Originally created 07/31/05

Enzyme can make dirt roads durable, man says



ATLANTA - Thomas Settles grew up on a dirt road in Edgefield, S.C., a road so crummy it washed out completely after a heavy rain and he sometimes couldn't get to school. Summers were spent choking at the road's dust.

Mr. Settles, 53, owns a paving company in Atlanta and is on a mission to save poor Southerners from the indignities he grew up with. He's out to make dirt roads as good as paved ones.

"Look at this," he says, holding up a plastic jug of molasses-looking brown stuff. "This is all it takes."

The brown stuff is an enzyme called PZ-22X that can toughen dirt roads and help them stand up better to rain. He says it will be a blessing for rural communities that can't afford to pave all their roads.

Mr. Settles didn't invent the enzyme, but he bought the rights to it, christened it Pave-Zyme and is getting permission across the Southeast to test it on dirt roads.

Mixed with water and sprayed on dirt, the Pave-Zyme acts as a sealing agent, making the dirt more impermeable to water.

"It seals, it acts as a dust suppressor and it compresses," says Mr. Settles, whose claims about the enzyme would seem ridiculous if he didn't appear to believe them.

He says Pave-Zyme can improve health (by reducing dust in the air around dirt roads), narrow the education achievement gap between rich and poor (because kids living off dirt roads wouldn't have trouble getting to school) and otherwise revolutionize life in rural America.

And he's spreading the dream.

Atlanta - which still has some dirt and gravel roads - will test Pave-Zyme on three roads starting in August. The enzyme recently was put down on a dirt road in Aberdeen, Miss., and also is being tested in Macon County, Ala.

Mr. Settles says Pave-Zyme can harden a dirt road for $60,000 to $100,000 a mile - versus $180,000 and up to put down a mile of asphalt.

He isn't charging for the tests, where Pave-Zyme is mixed with water and sprayed on dirt or used under asphalt to make regular roads hold up longer. Mr. Settles thinks that once local officials see how well it works, they'll come back to buy.

"It was a win-win," said Atlanta City Councilman Ceasar Mitchell, who sponsored the idea of allowing Mr. Settles' company to try Pave-Zyme for free in Atlanta. Included in the city's test is a dirt road where a girl died three years ago when her bike hit a pothole. The city still hasn't found money to pave that road.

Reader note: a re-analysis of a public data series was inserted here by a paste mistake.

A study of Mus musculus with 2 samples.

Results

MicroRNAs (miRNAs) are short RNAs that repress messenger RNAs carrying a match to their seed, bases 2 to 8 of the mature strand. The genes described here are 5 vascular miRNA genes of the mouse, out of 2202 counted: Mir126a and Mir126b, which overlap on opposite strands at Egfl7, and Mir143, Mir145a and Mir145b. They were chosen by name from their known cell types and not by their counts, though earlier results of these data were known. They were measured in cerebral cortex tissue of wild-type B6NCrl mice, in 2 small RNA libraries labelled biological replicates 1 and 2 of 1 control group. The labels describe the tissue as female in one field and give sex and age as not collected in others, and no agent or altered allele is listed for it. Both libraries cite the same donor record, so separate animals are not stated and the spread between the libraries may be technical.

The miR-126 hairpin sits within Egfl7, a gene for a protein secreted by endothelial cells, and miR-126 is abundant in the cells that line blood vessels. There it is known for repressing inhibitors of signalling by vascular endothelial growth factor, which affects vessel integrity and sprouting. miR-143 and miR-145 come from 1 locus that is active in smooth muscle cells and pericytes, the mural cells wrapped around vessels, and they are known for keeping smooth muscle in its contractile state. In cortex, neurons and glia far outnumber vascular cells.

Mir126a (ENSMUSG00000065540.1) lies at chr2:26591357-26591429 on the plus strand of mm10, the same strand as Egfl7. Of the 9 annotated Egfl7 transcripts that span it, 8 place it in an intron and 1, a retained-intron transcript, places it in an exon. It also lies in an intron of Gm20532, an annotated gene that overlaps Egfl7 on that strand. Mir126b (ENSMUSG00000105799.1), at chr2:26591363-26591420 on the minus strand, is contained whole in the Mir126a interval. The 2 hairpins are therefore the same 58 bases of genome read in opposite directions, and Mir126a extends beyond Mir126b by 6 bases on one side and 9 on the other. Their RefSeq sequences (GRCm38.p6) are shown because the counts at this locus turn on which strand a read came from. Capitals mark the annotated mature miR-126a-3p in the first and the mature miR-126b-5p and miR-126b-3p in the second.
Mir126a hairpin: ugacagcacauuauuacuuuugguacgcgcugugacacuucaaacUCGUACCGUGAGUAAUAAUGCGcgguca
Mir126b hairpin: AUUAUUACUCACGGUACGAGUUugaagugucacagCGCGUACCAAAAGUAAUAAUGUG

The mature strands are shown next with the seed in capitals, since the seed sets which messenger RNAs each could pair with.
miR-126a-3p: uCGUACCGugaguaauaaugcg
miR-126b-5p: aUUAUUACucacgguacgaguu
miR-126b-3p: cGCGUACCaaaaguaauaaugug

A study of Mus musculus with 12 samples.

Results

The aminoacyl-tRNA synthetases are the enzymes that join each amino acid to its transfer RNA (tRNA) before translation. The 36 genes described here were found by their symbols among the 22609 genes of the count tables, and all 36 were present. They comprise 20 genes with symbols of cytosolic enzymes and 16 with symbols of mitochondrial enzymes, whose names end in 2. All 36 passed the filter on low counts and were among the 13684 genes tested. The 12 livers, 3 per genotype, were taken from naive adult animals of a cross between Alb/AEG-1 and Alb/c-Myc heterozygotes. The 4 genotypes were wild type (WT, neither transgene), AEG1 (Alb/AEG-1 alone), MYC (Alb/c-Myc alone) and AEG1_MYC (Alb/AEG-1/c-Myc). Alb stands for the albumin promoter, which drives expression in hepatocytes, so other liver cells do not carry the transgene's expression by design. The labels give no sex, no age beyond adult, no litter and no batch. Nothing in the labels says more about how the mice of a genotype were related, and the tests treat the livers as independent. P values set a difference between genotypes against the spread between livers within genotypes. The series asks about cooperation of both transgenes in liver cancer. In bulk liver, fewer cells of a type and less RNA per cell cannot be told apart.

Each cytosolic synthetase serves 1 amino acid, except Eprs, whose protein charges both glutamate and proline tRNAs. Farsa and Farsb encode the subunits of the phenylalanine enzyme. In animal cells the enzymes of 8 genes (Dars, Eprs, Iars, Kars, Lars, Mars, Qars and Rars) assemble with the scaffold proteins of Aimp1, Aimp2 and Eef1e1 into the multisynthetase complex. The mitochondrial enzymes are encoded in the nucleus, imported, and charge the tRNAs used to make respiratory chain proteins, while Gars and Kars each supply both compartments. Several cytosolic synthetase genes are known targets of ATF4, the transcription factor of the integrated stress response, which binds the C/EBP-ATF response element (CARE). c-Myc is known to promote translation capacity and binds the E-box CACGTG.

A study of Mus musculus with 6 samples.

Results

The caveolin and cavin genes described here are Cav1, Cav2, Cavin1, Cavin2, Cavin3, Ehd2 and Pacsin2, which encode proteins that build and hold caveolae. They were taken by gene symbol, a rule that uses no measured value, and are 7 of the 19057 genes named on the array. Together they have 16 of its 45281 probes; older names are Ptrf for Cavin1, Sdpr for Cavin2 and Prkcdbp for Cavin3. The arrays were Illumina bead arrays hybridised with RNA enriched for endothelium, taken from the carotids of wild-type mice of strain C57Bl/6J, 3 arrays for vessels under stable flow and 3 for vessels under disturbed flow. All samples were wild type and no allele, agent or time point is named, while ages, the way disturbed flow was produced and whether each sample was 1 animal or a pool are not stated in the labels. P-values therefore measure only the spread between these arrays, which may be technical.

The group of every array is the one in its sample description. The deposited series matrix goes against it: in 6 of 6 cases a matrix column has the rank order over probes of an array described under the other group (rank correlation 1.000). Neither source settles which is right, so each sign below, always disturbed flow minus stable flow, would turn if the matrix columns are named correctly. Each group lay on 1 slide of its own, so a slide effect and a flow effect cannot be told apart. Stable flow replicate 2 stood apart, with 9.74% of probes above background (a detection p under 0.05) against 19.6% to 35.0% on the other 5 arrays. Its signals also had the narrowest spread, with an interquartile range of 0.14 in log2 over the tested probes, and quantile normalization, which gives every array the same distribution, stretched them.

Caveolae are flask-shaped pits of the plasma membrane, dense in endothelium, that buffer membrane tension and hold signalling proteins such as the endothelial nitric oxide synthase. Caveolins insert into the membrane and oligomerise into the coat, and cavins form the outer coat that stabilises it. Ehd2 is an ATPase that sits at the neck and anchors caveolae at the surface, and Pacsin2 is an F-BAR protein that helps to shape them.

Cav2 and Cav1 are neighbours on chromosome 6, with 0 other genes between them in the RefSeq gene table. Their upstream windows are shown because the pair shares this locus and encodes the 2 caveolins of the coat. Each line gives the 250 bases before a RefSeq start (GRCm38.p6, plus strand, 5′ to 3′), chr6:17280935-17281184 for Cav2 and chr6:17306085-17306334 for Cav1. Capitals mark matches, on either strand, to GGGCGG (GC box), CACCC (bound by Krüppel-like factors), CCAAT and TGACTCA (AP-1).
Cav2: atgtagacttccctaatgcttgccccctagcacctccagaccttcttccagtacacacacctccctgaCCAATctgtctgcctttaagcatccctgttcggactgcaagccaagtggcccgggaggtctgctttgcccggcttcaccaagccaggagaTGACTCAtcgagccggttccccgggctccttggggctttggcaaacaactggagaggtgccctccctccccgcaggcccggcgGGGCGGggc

"It's just unsightly," said Mr. Mitchell, adding that dirt roads often attract illegal garbage dumping.

In other communities, dirt roads can be dangerous. In Brantley County in southeast Georgia, which has 700 miles of dirt roads, emergency workers have reported getting stuck on their way to calls.

"It's always a challenge. In the winter when it's wet, you can get stuck. In the summer, it's all dust and sand, and you can get stuck in that. It happens quite frequently," said Tim Crews, the director of the county's Emergency Medical Service.

Mr. Settles says Pave-Zyme makes a road good for five to seven years, shorter than asphalt paving but still an improvement from plain dirt, although road officials were skeptical.

Experts warn Pave-Zyme probably isn't a low-cost cure-all. Other hardeners have been tried before, and products such as calcium chloride already are regularly added to dirt roads to help them last and reduce dust.

Nothing, so far, has completely solved the problem, said Dennis Rice, who puts together a quarterly newsletter on road technology for the Georgia Department of Transportation.

"If you want a road to be like it's paved, you've got to pave it," Mr. Rice said.

Dirt-road improvements are especially troublesome in the South, where heavy rains and hot summers work against road hardeners, he said.

"You really have to have something you can hold together real tight," such as gravel used in pavement, he said.

Mr. Rice and other transportation officials aren't completely dismissing Pave-Zyme. The Georgia DOT is monitoring the Atlanta test and might consider endorsing it for local use if Pave-Zyme performs well. (The department doesn't directly maintain any dirt roads; all the ones in Georgia are maintained by counties and cities.)

Georgene Geary, a materials and research engineer for the Georgia DOT, said she's curious to see whether Pave-Zyme does the job.

"We've had other products come through here and they weren't successful. They just didn't hold up," she said.

Mr. Settles is convinced he's about to change some minds.

"In some communities, they just can't afford to pave all their roads," he said. "This is something that will consistently make the roads better at a price they can afford."

It's wait-and-see for officials.

"There's a lot of snake oil out there that doesn't work, but the only way to know for sure is to put it down and try it out," Mr. Rice said.